By Daryl H. Bryant (480 words)
Posted in Living with MS on January 28, 2014

There are (6) comments permalink

Antioxidant Drug Aims to Treat Multiple Sclerosis

An antioxidant drug that has been garnering increasing attention from the medical community is showing potential as an effective treatment for Multiple Sclerosis. MitoQ is an orally administered antioxidant agent that is currently under development by the drug company Antipodean Pharmaceuticals. A recent study conducted by researchers at Oregon Health and Science University published in Biochimica et Biophysica Acta (BBA) suggests that MitoQ may be a good candidate for the treatment of MS.

Antioxidants and Mitochondrial Damage

Mitochondria are the components in cells that use oxygen to convert fat and carbohydrates into energy. They're also involved in the division of cells as well as in cell death. During the oxidation process, molecules called free radicals can break off from the cell and attach themselves to other cells, altering the cell's DNA. Free radicals are linked to a broad array of diseases and pathologies, including MS. Antioxidants are nutrients that can repair and help prevent oxidative damage.

What is MitoQ?

Developed in 1990s, MitoQ is an antioxidant designed to reduce oxidative damage in mitochondria. While other antioxidants are distributed throughout the cells, MitoQ specifically targets the mitochondria. MitoQ appears to enter the mitochondria, eliminate free radicals, repair oxidative damage and even boost the cell's ability to generate energy. The drug has already been tested in clinical trials as a possible treatment in the prevention of neurodegenerative ailments like Alzheimer's and Parkinson's Disease.

MitoQ as a Potential Treatment for MS

In the Oregon Health and Science University study, researchers looked at mice with a disease known as experimental autoimmune encephalomyelitis (EAE,) which is the rodent equivalent of human MS. MitoQ was administered to mice exhibiting MS-like symptoms. After two weeks, the mice demonstrated increased neuronal activity in their spinal cords, which is a region of the brain affected by MS. The mice also exhibited:

  • A reduced loss of nerve fibers
  • Lower neuron inflammation
  • Fewer of the neurological disabilities associated with MS

Further research is needed to establish exactly how MitoQ protects mitochondria in brain cells. Because MitoQ has already been tested for safety in multiple human trials, however, it has a distinct advantage over other new drugs. Although human tests are still years away, lead researcher P. Hemachandra Reddy called the results exciting. "This could be a new front in the fight against MS," Reddy said.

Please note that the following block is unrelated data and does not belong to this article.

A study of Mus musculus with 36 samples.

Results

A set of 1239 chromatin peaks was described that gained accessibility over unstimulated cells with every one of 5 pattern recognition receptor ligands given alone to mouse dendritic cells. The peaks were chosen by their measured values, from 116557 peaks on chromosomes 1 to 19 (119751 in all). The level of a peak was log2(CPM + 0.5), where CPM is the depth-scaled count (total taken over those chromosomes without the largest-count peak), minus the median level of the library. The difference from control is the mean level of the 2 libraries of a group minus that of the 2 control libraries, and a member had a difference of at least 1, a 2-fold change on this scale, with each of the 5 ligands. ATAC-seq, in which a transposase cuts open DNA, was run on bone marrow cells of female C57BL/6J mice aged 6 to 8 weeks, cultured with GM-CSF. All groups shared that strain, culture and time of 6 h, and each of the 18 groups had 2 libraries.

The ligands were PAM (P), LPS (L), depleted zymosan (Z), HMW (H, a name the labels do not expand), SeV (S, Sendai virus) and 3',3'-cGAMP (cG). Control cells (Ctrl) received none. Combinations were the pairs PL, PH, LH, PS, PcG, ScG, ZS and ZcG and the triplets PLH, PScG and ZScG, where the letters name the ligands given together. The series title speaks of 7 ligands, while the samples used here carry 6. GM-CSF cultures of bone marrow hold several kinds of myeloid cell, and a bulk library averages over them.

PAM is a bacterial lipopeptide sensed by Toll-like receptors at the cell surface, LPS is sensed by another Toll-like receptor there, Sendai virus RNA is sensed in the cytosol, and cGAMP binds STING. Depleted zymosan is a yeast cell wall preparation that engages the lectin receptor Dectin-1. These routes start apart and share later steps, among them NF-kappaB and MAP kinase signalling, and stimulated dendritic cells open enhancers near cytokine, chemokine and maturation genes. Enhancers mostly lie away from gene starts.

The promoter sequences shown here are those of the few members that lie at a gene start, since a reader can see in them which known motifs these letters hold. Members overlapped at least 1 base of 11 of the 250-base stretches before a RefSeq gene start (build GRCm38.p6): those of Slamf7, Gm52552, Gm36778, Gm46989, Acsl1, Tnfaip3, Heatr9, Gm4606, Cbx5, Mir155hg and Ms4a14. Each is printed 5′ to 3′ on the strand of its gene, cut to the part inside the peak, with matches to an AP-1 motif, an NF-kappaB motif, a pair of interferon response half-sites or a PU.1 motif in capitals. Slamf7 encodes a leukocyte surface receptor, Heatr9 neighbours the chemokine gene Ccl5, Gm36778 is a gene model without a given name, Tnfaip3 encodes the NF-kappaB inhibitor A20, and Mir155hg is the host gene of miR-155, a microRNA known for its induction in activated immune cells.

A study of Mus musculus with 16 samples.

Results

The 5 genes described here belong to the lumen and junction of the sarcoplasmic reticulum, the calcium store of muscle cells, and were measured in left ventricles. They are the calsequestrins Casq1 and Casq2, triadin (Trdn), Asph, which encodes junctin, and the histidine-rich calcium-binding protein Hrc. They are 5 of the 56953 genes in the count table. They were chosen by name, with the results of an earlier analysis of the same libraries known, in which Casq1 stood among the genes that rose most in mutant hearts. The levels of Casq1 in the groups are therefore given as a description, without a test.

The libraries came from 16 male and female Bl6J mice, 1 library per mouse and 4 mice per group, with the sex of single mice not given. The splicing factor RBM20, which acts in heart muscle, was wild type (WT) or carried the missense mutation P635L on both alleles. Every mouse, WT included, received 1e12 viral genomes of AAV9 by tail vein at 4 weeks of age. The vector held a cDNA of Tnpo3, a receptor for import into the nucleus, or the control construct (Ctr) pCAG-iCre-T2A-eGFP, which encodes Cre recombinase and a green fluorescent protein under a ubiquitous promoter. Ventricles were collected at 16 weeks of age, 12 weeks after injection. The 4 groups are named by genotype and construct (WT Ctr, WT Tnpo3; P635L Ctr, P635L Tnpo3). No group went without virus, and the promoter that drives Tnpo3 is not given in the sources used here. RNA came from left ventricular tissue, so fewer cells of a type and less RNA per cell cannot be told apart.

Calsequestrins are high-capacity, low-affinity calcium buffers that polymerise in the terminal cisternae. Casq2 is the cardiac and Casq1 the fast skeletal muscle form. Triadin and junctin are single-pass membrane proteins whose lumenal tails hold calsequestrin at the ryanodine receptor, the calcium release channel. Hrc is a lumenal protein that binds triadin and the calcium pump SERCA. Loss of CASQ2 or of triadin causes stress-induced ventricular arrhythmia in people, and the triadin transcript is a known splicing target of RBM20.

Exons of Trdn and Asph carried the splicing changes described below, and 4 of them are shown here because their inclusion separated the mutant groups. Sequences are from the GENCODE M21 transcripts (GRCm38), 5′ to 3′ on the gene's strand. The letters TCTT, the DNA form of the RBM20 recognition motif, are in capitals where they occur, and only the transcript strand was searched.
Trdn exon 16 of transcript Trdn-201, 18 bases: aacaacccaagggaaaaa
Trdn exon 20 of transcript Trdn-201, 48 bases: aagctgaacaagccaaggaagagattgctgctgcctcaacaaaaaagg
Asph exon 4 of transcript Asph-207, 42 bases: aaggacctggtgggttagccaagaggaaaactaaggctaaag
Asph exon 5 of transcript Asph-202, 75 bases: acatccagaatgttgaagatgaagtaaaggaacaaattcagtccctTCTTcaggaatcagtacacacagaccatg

MS Living Symptom Free is dedicated to bringing you the latest news and information about the newest developments in MS research and treatment. If you or someone you know is living with MS, please feel free to contact me with your questions and comments. The goal of MS Living Symptom Free is to help you enjoy a happier and healthier life.

Comments (6)

Kenny J. Walker posted on: January 28, 2014

My wife Leona has been diagnosed with MS since 2004 and has run the gauntlet with every ms modifying drug out there. She is currently starting the only one she has left "Tecfidera" and the adverse reactions have started again and she is exibiting alergic symptoms again. Her system has been so sensitive to everything she has tried that her depression is constant. She has had no relief from symptoms since before her diagnosis and we need some hope. Any info you could send would be appreciated. She is 55yrs old in June and I would like alot more years with her. She is an extraordinary individual with a heart of gold and needed in this crazy mixed up world we live in! With sincere thanks Kenny Walker

gia piro posted on: January 28, 2014

I would love to be part of this trail when they do it. I was diagnosed with MS in 1995 and now at 45 i cant walk I need my bf to help me with everything thank God i have him I do wish my energy level was better then what it is right now always feel like im at a 0 or negative. This sounds awesome if it works. Thanks for the info. Gia Piro

Rita Trujillo posted on: January 28, 2014

I would love to be a part of a study as well! I& 39;m on copaxone. Diagnosed in 2010. After giving birth to my son. I use a wheelchair most times. Walker in the house and short trips my son and mother help a lot. Give me more info! Sign me up!

Daryl posted on: January 28, 2014

Hi all,

I'm currently on MitoQ, started two days ago and will keep everyone posted over the next several months with my results with it. Here's hoping!!!


Linda Steveson posted on: January 29, 2014

I have had MS since 1987 but didn't get diagnosed until 1999. Since then I've taken Betaseron and Copaxone. Currently I'm not taking anything as I advanced to secondary progressive sometime between 2005 and 2007. I wish there was something other than Tysabry for SP. I can't take Tysabry. I realize the majority of MS patients have RR MS, but there are numerous meds for that and those of us with SP could use some help too. Anyway, I hope this new medication helps as many people as possible.

Cheryl posted on: March 2, 2014

I have been on Tysabri now for 2 1/2 years. I have had my battles with this med but it seems to be working for me at this month could be different! Sign me up for MITO Q. I will try almost anything but the other MS meds!